Last week, 59-year-old Armin Laschet was elected the chairperson of the Christian Democratic Union (CDU), Germany’s ruling party. The CDU, along with its Bavarian sister party, the Christian Social Union (CSU), is in a grand coalition with Germany’s other major political formation, the Social Democratic Party (SDP).
Mr. Laschet’s election is a significant development for two reasons: Germany goes to the polls in September, and Angela Merkel, who has led the CDU for nearly two decades, won’t be running for chancellorship again.
Ms. Merkel has been a great force for stability at a time of polarisation, both within the CDU and the German polity as a whole. From 2005, she has helmed Europe’s dominant economy with a cool competence while piloting the European integration project through the difficult waters of hyper-nationalism, xenophobia, and economic crisis, emerging as perhaps the lone credible face of liberal democracy in the Trump years. There is thus a lot at stake on who succeeds Merkel.
Mr. Laschet, a lawyer by training, is the premier of North Rhine-Westphalia, Germany’s most populous state. As a Merkel confidant, he is expected to continue her policies across the board, from economy to immigration and foreign policy. In the digital vote held on January 16, he won by a narrow margin of 521 to 466, polling 53% of the votes to beat his arch-conservative opponent Friedrich Merz.
Split down the middle
That Mr. Merz lost is a sign that the party is not yet ready to break with Ms. Merkel’s centrism, which has served it well so far. But that he got 47% of the votes indicates that the party is virtually split down the middle. Indeed, Germany has seen a steady erosion of the centrist space. While the centre-right CDU is getting outflanked by the far-right Alternative for Germany (AfD), the Greens have been gaining ground at the expense of the centre-left SDP.
In this increasingly fragmented polity, Ms. Merkel’s successor faces two challenges: hold the CDU together by keeping both the conservatives and the liberals within the party happy; form an alliance with a suitable rival (mostly likely, the Greens) so that the CDU-CSU returns to power post-September.
Having won the chairmanship of the party, Mr. Laschet has a head start. But not everyone is convinced he can step into Ms. Merkel’s shoes. The fate of his predecessor is a cautionary tale. In December 2018, Ms. Merkel’s handpicked successor, Annegret Kramp-Karrenbauer (AKK), became the CDU chief. She was expected to run for German chancellorship. But she couldn’t hold the party together. In February 2020, in a regional election, the CDU unit of Thuringia defied her command, and the party line, to endorse a candidate supported by the AfD. AKK resigned, triggering yet another search for Ms. Merkel’s successor that has ended, for now, with Mr. Laschet.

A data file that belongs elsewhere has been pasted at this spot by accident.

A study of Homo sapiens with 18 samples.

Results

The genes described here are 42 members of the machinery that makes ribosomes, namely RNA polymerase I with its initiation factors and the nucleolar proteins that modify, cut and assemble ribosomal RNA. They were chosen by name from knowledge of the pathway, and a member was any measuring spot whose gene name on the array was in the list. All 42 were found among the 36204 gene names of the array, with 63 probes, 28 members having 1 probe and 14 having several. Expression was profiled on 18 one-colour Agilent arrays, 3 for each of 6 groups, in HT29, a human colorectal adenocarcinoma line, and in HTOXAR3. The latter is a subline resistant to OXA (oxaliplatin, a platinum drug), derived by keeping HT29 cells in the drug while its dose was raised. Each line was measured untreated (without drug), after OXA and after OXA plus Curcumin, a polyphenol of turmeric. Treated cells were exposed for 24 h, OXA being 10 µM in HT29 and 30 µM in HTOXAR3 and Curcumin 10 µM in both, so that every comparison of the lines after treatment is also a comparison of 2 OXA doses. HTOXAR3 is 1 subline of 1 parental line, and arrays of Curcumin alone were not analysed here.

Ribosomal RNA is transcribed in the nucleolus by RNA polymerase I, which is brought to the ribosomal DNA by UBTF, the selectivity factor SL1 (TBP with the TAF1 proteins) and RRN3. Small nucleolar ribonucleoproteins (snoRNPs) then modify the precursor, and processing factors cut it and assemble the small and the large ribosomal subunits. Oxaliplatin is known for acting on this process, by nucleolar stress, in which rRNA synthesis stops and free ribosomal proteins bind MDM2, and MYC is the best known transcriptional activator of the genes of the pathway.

Typically, but not necessarily, the party chief gets to run for the post of Chancellor. Mr. Laschet has won the leadership battle in the CDU, but he lacks in popularity. The CSU chief and Bavarian Premier Markus Soder is way ahead in the popularity charts. Within the CDU, Health Minister Jens Spahn has more mass appeal than Mr. Laschet. Recent opinion polls have consistently shown two things: the CDU-CSU has a clear lead over its rivals; both Mr. Soder and Mr. Spahn have higher ratings than Mr. Laschet.
The popularity aspect and the fact that both Mr. Soder and Mr. Spahn have made no secret of their ambitions suggest that Mr. Laschet still has his work cut out convincing party front-benchers that he should be the one getting the chancellorship ticket. He will get a chance to prove himself when two States, Baden-Wurttemberg and Rhineland-Palatine, go to the polls in March.
Nonetheless, while Mr. Laschet may not top popularity charts domestically, his election has elicited near unanimous approval internationally. Having served as a Member of the European Parliament (MEP), and a francophone, his commitment to pro-European politics is beyond question. His open stance on Huawei and the Nord Stream 2 gas pipeline suggests that both China and Russia would be happy to see him in Ms. Merkel’s chair. With Donald Trump gone, the Biden administration in the U.S., too, would like someone who continues the Merkel line on pragmatic trans-atlanticism.
Mr. Laschet is known to be a jolly, affable person. Sometimes jollity and an unassuming nature are excellent for masking ambition. That Mr. Laschet is today the frontrunner to succeed Ms. Merkel is proof that his rivals underestimate him at their peril.